Rather than look back on the Best or Worst of The Aughts or The Zeroes or the Two-thousands, we thought we’d look ahead to some predictions for 2010.
Where to begin?
We could start with Sean David Morton, sometime guest of Art Bell‘s old Coast to Coast radio show. His list of predictions — that is, his Spiritual Teleseminar — requires registration, which is a drag. But he has a white cat on his shoulder, which gives him some credibility in the prediction game.
Or how about a political prediction from that old sage the Wall Street Journal? They say the United States will split up. Maybe that’s just wishful thinking on their part.
Newsweek offers a list of Ten Predictions for 2010, but they seem pretty tepid.
“Someone dies on reality TV,” for example, doesn’t earn a gasp, it earns a “didn’t that already happen?” Among their other predictions: the people on Lost will stay on the island (even though at this point most viewers are perfectly happy to leave Naveen, Matthew and Evangeline behind).
Moviefone includes that one along with this list of other Oscar predictions.
If television is more your thing, how about this list from the L.A. Times, which predicts “Jay Leno will be gone from prime time.” Prime time is a concept from back in the day. Jay Leno is a comedian from back in the day.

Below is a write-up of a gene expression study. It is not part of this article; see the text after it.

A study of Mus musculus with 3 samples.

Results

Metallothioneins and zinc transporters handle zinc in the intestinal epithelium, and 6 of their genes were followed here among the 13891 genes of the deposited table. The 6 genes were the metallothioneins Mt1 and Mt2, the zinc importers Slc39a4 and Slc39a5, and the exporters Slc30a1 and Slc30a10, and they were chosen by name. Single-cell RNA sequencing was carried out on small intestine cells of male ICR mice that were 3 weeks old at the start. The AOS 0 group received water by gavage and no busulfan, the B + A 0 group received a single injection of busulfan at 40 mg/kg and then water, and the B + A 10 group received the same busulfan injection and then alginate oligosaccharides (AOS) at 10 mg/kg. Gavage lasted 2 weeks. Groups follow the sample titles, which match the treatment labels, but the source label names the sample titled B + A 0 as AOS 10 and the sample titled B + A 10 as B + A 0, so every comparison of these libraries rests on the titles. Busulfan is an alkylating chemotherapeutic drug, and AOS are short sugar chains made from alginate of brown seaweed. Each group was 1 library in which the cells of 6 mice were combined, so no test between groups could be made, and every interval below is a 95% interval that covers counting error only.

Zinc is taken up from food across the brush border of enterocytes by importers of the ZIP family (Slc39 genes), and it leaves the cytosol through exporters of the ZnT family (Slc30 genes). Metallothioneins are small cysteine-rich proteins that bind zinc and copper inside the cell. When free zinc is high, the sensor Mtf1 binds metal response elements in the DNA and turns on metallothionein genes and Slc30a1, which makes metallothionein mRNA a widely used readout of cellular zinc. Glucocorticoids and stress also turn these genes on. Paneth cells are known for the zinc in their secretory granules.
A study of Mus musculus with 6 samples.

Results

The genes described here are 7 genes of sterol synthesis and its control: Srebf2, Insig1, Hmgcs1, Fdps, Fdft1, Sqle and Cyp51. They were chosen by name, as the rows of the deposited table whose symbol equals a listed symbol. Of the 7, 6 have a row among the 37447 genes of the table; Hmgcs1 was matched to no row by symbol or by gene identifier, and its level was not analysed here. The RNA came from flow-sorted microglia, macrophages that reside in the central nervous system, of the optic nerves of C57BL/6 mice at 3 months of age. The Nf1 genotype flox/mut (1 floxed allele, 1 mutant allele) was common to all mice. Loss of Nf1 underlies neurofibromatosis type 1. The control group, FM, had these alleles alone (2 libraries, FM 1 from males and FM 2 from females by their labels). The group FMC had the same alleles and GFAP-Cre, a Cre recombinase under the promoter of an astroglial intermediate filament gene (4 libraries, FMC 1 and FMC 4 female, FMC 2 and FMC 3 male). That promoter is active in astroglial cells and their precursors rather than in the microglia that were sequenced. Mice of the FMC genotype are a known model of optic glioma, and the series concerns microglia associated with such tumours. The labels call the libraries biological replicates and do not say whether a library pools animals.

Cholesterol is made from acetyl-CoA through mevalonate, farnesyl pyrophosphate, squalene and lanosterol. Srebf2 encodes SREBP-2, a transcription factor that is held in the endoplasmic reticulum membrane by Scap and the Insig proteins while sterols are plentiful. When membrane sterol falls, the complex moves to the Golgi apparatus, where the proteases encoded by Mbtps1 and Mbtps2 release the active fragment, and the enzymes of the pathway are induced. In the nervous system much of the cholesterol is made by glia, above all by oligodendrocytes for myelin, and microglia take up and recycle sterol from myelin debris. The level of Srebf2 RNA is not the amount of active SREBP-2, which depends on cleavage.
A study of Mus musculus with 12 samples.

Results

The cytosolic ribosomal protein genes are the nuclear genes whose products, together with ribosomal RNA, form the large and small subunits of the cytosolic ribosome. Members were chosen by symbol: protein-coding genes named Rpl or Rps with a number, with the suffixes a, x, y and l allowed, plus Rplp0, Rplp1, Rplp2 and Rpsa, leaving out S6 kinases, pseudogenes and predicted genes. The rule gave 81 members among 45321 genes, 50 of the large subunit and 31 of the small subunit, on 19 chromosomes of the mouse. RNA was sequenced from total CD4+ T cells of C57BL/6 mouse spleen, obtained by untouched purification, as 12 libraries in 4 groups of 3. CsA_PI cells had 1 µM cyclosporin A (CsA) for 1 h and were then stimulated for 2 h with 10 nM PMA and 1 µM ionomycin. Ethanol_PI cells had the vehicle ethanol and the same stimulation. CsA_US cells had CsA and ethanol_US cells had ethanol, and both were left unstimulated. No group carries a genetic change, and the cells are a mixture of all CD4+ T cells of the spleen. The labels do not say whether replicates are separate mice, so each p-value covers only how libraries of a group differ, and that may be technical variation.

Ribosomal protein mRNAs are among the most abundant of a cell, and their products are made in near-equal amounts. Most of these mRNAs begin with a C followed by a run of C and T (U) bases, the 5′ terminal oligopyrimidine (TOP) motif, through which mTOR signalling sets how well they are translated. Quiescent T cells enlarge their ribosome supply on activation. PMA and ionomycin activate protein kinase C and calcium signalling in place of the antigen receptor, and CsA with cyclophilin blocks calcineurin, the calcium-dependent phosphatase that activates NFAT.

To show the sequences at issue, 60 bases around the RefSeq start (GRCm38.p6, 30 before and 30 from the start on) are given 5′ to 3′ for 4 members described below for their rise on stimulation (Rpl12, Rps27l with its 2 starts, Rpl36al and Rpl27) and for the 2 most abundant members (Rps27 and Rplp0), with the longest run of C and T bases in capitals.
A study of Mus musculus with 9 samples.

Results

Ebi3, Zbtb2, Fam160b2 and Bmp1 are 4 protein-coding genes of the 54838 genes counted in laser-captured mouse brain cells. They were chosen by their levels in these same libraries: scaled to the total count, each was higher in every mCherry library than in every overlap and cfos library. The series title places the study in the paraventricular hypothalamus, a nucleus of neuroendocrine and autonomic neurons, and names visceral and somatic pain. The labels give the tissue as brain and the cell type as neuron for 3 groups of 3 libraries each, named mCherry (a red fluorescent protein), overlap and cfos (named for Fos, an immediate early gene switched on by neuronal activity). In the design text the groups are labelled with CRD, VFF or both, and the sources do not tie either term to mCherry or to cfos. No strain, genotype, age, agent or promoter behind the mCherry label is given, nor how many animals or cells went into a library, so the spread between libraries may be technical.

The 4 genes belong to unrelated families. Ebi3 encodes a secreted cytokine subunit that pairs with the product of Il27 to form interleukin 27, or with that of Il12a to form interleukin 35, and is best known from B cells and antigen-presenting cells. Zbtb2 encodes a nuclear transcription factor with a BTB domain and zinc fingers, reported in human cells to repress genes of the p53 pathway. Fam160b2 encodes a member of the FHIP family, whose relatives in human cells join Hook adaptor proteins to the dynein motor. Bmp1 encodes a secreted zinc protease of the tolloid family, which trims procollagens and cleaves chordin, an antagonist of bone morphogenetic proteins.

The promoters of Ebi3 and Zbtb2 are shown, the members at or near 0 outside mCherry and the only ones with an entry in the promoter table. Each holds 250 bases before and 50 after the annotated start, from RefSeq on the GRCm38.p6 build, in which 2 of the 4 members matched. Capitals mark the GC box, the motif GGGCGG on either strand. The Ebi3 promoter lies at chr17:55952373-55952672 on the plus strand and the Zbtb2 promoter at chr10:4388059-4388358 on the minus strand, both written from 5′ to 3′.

High tech predictions aren’t any more exciting, judging from this typical list, which includes such stunners as “Chrome replaces Firefox” and “Facebook does a redesign and people don’t like it.”
Such dull predictions make us wish we’d registered with the guy with the white cat.
The two psychics we checked with had much more fascinating predictions than the mainstream media. Craig Hamilton-Parker, for example, predicts the death of “Bin Laden,” which could very well mean Osama Bin Laden.
Unfortunately, his predictions also include “”Secret human cloning experiment attempts to clone famous person.” That doesn’t sound so good (especially on the heels of Bin Laden’s death), but it also sounds like little cause for concern for 2010. After all, if it’s a secret experiment, we won’t be hearing about it.
Finally, we’re most encouraged by the predictions of Sylvia Browne, which include “Japanese bullet train terrorist attack attempt is foiled” (yay!) and “Heat will cure the common cold” (double yay!).
Here’s looking forward to a warm, virus-free 2010, when bullet trains are safe and Jay Leno can find work on the Salahis’ TV show.